Washington: With work poised to begin on providing unique identification cards to all Indians, the ambitious project has already caught the attention in the US, with lawmakers asking the government why it could not implement a similar project here.
“So they (India) are taking on a humongous scale something that we have been struggling with for 20 years,” John Cornyn, the Republican Senator from Texas, said this week during a Congressional hearing on the country’s employment verification system.
Ex-Infosys chairman Nandan Nilekani has taken over as head of an authority that will work on the project of giving unique identification numbers and cards to all citizens.
“The predicted cost is £3 billion for 1.2 billion citizens and will replace what right now is 20 different proofs of identity that are available and require in the words of the gentleman who’s been appointed to head up this project a ubiquitous online database, and that will have to be impregnable to protect against loss of information,” Cornyn said.
He is also the Co-Chair of the Friends of India Caucus in the Senate.
Senator Cornyn went on to ask Lynden Melmed, former chief counsel, US Citizenship and Immigration Services: “Why is it that we’ve been struggling for 20 years to do this, Mr. Melmed? Do you think it’s because we lack the knowledge, or is it a lack of political will?”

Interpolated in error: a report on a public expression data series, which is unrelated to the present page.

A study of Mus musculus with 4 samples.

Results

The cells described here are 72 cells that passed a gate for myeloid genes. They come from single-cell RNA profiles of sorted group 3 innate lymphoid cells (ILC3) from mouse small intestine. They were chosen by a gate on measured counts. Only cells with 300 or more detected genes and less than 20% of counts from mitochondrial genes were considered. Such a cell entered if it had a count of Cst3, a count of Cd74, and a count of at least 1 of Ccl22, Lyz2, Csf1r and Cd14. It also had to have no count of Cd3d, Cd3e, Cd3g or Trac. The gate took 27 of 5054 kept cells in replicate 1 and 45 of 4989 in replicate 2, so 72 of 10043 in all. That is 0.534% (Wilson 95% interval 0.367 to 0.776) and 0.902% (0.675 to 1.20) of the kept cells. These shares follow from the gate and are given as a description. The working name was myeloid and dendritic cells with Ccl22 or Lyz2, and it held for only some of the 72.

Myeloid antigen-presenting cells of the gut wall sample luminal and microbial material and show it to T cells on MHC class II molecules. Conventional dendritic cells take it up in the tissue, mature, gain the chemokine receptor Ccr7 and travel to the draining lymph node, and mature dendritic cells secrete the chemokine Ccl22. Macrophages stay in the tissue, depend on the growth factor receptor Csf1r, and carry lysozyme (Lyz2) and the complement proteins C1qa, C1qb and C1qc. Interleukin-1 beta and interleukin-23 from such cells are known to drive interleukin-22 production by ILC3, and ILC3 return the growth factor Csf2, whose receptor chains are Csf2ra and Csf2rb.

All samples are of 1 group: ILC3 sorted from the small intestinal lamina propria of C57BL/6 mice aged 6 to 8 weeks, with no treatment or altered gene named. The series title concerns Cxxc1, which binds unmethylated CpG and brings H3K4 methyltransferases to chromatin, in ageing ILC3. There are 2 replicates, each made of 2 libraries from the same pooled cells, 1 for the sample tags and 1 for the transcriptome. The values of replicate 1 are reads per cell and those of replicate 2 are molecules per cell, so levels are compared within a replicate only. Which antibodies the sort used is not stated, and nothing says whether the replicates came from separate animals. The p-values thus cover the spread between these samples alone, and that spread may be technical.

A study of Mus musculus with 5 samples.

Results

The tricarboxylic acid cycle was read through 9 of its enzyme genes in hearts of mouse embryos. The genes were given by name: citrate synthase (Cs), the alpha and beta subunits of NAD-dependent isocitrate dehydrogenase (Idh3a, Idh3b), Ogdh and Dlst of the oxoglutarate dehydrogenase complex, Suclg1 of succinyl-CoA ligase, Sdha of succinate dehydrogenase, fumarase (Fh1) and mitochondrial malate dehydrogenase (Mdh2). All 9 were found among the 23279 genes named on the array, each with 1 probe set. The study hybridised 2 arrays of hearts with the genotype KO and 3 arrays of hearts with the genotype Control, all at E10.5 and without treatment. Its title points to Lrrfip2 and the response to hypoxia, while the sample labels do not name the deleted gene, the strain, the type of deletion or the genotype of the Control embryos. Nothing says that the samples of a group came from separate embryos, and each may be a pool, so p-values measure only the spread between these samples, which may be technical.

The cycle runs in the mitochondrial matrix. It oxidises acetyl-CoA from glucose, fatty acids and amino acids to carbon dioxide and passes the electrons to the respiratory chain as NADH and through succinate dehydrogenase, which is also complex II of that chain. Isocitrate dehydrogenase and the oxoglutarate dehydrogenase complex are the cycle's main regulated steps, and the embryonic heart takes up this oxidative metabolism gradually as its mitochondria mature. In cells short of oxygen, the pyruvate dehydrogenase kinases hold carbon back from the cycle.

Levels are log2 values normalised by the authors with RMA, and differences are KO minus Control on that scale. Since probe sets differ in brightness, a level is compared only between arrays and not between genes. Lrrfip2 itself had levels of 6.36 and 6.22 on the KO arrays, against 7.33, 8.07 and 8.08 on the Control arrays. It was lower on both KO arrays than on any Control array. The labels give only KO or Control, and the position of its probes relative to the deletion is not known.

Testifying before the Immigration, Refugees and Border Security Subcommittee of the Senate Judiciary Committee, Melmed said it is partly due to lack of technological capabilities and partly due to reluctance on the part of the people to accept it.
“I think there are two limitations over the past 20 years. The first is technological.
“The capabilities that the government has today are far superior than it had 20 years ago, and even the discussion about the issue of an identification document when I have looked at the Congressional testimony from the 1986 debate surrounding a national ID card, it is a different environment and I think Americans are much more comfortable with the use of identification throughout their lives,” Melmed said.
“So I think it’s a mix of both technological developments and social acceptance of the use of technology. I think more recently, however, it’s just a challenge of coordinating employment verification with the other issues related to immigration reform and the recognition that dealing with the workplace with illegal workers in the workplace is inextricably tied to fixing the legal side of the immigration system,” Melmed noted.